Why is it usual to make everything a "registered system"?


Postby Lispeth » Tue Jan 09, 2018 4:18 am

Assuming I want to develop a stand-alone CL application, the usual recommendation is to write an ASD file for it so it can be installed as a "registered system". In my opinion, this makes no sense: Why should it be available like a module?

Postby pjstirling » Tue Jan 09, 2018 9:30 am

ASDF serves the same purpose as Make/Maven. It solves the problem of ensuring that files are compiled and loaded in the right order, while rebuilding if dependencies have changed. The primitives supplied by the Common-Lisp standard are all imperative, and offer a lot of scope for users to screw this up. ASDF let's you write declarative descriptions of how your code should load.

It's worth saying that I would not recommend building your C++ code with hand-written shell scripts (beyond toy examples) for many of the same reasons.

When you want to create a application in the modern sense (i.e. something you might double-click in windows), at build time you load your code and the dump an image. When the image is executed all your code will be pre-loaded, and your top-level function will, in-turn, be executed, letting you open GUI windows etc.

Edit, formatting
Last edited by pjstirling on Tue Jan 09, 2018 9:53 am, edited 2 times in total.

Postby Lispeth » Tue Jan 09, 2018 9:39 am

I understood that ASDF would also add my application into its "registry" though so it can be loaded as a module. That's not desired behavior in this case. Make does not do that.

Or am I missing the point?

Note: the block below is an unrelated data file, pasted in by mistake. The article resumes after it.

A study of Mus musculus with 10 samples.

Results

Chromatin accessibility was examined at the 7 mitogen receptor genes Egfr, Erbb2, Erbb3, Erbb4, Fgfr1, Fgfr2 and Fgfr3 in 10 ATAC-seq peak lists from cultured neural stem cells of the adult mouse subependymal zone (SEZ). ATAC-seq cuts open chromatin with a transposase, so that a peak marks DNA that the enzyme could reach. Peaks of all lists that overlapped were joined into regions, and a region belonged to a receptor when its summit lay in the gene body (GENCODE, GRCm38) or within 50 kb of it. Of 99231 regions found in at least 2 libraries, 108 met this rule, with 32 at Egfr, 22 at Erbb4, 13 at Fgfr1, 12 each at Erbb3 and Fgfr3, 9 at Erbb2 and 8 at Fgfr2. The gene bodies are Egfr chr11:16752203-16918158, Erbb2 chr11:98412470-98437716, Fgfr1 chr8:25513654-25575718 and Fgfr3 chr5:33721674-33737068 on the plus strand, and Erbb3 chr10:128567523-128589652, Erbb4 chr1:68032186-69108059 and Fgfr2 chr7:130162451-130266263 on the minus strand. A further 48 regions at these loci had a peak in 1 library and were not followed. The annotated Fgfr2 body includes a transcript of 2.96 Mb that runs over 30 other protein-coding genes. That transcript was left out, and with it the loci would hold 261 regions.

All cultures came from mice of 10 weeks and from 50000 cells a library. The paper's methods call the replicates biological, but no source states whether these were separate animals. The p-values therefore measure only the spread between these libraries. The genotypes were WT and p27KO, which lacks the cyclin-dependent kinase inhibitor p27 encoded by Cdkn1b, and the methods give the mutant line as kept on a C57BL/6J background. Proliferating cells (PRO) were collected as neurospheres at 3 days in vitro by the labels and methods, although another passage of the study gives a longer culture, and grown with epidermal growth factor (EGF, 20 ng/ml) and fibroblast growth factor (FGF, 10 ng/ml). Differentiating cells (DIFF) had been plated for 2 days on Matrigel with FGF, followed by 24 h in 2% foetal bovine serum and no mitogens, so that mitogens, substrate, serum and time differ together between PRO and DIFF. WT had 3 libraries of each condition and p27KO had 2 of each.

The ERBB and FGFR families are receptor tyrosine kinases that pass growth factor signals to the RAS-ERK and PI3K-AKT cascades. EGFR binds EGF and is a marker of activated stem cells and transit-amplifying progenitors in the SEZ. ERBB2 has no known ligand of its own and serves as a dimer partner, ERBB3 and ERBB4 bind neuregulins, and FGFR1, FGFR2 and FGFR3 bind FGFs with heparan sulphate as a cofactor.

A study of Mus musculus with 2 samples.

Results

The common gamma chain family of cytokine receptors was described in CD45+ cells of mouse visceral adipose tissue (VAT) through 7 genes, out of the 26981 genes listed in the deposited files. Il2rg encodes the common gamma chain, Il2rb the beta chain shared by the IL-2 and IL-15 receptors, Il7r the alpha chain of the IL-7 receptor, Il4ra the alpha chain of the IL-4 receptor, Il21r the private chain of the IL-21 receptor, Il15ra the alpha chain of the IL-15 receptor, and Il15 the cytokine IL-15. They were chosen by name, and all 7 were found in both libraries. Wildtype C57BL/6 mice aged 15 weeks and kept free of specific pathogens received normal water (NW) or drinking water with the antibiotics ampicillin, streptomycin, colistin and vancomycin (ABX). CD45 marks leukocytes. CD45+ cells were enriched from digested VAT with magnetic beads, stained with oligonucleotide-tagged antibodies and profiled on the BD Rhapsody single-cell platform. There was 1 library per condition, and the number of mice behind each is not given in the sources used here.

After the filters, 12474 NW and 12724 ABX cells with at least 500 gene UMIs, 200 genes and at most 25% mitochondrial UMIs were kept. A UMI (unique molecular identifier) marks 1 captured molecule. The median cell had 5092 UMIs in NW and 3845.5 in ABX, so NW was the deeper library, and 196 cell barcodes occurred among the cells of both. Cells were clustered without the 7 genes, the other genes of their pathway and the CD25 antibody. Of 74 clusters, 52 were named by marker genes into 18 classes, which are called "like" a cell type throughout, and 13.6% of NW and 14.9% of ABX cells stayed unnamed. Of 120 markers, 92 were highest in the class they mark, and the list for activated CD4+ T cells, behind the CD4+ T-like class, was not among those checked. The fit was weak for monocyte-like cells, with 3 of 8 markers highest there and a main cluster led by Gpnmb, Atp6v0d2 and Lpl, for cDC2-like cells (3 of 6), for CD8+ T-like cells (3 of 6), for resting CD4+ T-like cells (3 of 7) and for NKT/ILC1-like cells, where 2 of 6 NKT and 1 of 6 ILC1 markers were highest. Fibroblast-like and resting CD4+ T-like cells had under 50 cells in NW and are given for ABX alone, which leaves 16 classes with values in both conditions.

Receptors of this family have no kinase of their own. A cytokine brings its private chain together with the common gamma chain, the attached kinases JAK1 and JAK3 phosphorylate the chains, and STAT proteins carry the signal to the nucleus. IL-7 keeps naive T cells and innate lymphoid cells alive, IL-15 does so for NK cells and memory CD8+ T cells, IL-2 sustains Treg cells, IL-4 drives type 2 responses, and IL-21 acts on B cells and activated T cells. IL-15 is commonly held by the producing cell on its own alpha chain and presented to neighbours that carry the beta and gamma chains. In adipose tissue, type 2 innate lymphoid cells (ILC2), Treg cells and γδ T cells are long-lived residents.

Postby pjstirling » Tue Jan 09, 2018 9:50 am

Once you dump an image with your code, then you can delete everything else (if you so want).

It's also possible to e.g. have a script that starts your lisp with a modified ASDF configuration so that you have modules that are private to your application.

You are right to say that make doesn't force you to supply meta-data that lives on into the world after compilation, but this turns out to be a defect in make, rather than ASDF. Complicated programs and libraries end up needing things like "llvm-config" to paper over its lack.

Perhaps if you gave a better idea of your use case I would be able to answer better?

Postby Lispeth » Tue Jan 09, 2018 9:58 am

Well, my use case is that I want to write and deploy some kind of a web software (a discussion forum like this one here) because the existing solutions are not good enough. I don't want my potential users to spoil their ASDF directory with my bloat.

Postby pjstirling » Tue Jan 09, 2018 10:09 am

Well, if you want to distribute essentially binaries, you should go the image route.

If, however, the idea is that you will distribute source-code that will maybe be modified at the other end, then there's no good other choice than providing ASDF systems. If you are concerned about the ASDF namespace then use java-style reverse-domain-name prefix on your ASDF files (you don't need to have the Common-Lisp package named the same as the ASDF system that loads it, it is just the recommendation). And, as I said in my previous post, there's no big problem with re-configuring ASDF for launching a particular application without ruining your default setup.

Postby Lispeth » Tue Jan 09, 2018 11:39 am

Thank you, I misunderstood ASDF then!